Do you have a high horse? I must confess I do. I should call him Riin, short for righteous indignation! But I’m not sure it’s always righteous if I’m honest.
One high horse in a collection of hobby horses is a repulsion of the practice of othering because it makes people feel like they don’t belong. Imagine or remember hearing when you were a child, a sentence beginning, “you’re not….” or “you’re too…” and it probably led to you being left out, excluded, othered. For me it was, “you’re not old enough” and “you’re too slow” that left me out most often in the neighbourhood games growing up.
Perhaps you can even remember a recent example. “You’re too old” or “you’re too vulnerable” might hit home with you. No matter when or no matter what, you likely felt excluded, you may have felt hurt and offended. It might even have made you angry. Or weep. Hardest of all, these words are often not spoken, just felt ‘between the lines’. Sometimes it’s just a look.
Some of us will have heard a story that deals with an ‘othered’ person in a marginalised community. One of my favourite stories is that of Jesus’ encounter with a disgraced woman by a well? You can listen to it *here, read in the mellifluous tones of David Suchet (without Poirot’s Belgian accent!). It’s the most powerful story of belonging I know.
It contrasts sharply with how we manage belonging in business today, through policies that talk about tolerance, equality, inclusion and diversity. Jesus didn’t go to the town square of the marginalised Samaritan people of Sychar and talk to them about tolerance. He didn’t meet with the leader and ask them to create policy scrolls on equality, inclusion, and diversity. No, he showed up at a watering hole at the most unpopular time of the day (noon, when ‘normal’ people didn’t draw water) and he reached out and connected with a shamed, banished woman who was not tolerated in her town, who was unequal, excluded and from the least desirable race. He broke society rules by engaging with her, and when he did, he spoke truth with love. More than this, he made himself vulnerable and revealed who he really was. This was the first record of Jesus declaring himself the Messiah, and he did so to a ‘disgraced’ woman who’s name we will never know.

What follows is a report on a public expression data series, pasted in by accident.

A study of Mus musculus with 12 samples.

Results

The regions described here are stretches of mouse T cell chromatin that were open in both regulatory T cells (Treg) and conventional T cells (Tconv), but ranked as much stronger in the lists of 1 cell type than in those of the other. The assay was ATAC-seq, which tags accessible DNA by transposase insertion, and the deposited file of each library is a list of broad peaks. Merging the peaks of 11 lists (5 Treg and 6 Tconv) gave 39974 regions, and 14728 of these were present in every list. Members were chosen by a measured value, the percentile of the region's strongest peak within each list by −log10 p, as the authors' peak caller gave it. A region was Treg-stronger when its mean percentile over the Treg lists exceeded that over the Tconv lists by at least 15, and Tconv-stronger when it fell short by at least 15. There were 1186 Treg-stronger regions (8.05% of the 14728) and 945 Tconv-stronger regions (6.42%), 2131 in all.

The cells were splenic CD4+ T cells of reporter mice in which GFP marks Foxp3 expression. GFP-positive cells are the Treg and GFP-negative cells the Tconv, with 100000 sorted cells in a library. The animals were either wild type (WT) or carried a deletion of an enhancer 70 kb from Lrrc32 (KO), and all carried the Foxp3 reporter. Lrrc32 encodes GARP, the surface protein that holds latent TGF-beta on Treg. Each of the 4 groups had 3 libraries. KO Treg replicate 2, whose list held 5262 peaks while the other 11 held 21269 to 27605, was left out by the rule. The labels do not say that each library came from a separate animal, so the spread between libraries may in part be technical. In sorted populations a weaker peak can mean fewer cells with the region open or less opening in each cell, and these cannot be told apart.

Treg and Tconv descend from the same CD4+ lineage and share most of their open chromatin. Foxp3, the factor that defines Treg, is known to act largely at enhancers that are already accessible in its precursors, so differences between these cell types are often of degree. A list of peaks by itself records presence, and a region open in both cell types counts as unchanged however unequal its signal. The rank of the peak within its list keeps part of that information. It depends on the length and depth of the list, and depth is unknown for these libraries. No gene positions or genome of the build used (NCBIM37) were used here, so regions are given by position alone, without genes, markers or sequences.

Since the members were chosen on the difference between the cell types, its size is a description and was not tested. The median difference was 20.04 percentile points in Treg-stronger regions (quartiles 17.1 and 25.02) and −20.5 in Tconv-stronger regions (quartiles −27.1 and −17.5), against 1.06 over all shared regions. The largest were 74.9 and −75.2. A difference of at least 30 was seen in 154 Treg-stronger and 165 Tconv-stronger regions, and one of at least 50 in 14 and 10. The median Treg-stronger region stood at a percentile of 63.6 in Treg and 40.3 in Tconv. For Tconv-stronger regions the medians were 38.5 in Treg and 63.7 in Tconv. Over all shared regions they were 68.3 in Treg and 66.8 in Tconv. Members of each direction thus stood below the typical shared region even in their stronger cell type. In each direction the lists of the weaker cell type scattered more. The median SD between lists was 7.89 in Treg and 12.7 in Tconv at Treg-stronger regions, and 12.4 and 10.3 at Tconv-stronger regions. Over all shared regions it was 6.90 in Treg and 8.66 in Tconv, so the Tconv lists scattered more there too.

The result (spoiler alert if you haven’t read or listened yet) was that she not only lifted up her own head again, but brought her entire community, the people who had shamed her, to a place where they could feel a sense of belonging. His treatment of her set many people free and, I’m confident, changed the course of her life forever. Because “the greatest thing we can ever know is to love and be loved in return”*.
I struggled to settle in the UK in 2004. A wise woman told me that what people most want is community, a sense of belonging. This hasn’t changed. A pandemic has not and will not change it. We need each other more than ever as we deal with change and loss.
Up until a year ago, we met up with people, drank tea and coffee together, or perhaps beer and wine later in the day, laughing and chatting before and after meetings. Today marks the anniversary of the first lockdown in the UK. It saw an end to chatting while the kettle boils or the drinks are served. It was a place and a opportunity to include or exclude people.
Who do you know that needs to belong as we look forward to a new tomorrow? How can you come alongside them, even virtually on Zoom, and as we anticipate face-to-face meetings? There was a lot more between Jesus and that Samaritan woman than a mask and social distancing. How creative can you be? Let’s start those conversations.
And if you’re reading this and seek a sense of belonging, I promise you a warm welcome wherever I hang out. I promise. Get in touch here or phone me on +44 77808 56043
* “Nature Boy”, eden ahbez, 1947, first made famous by singer, Nat King Cole.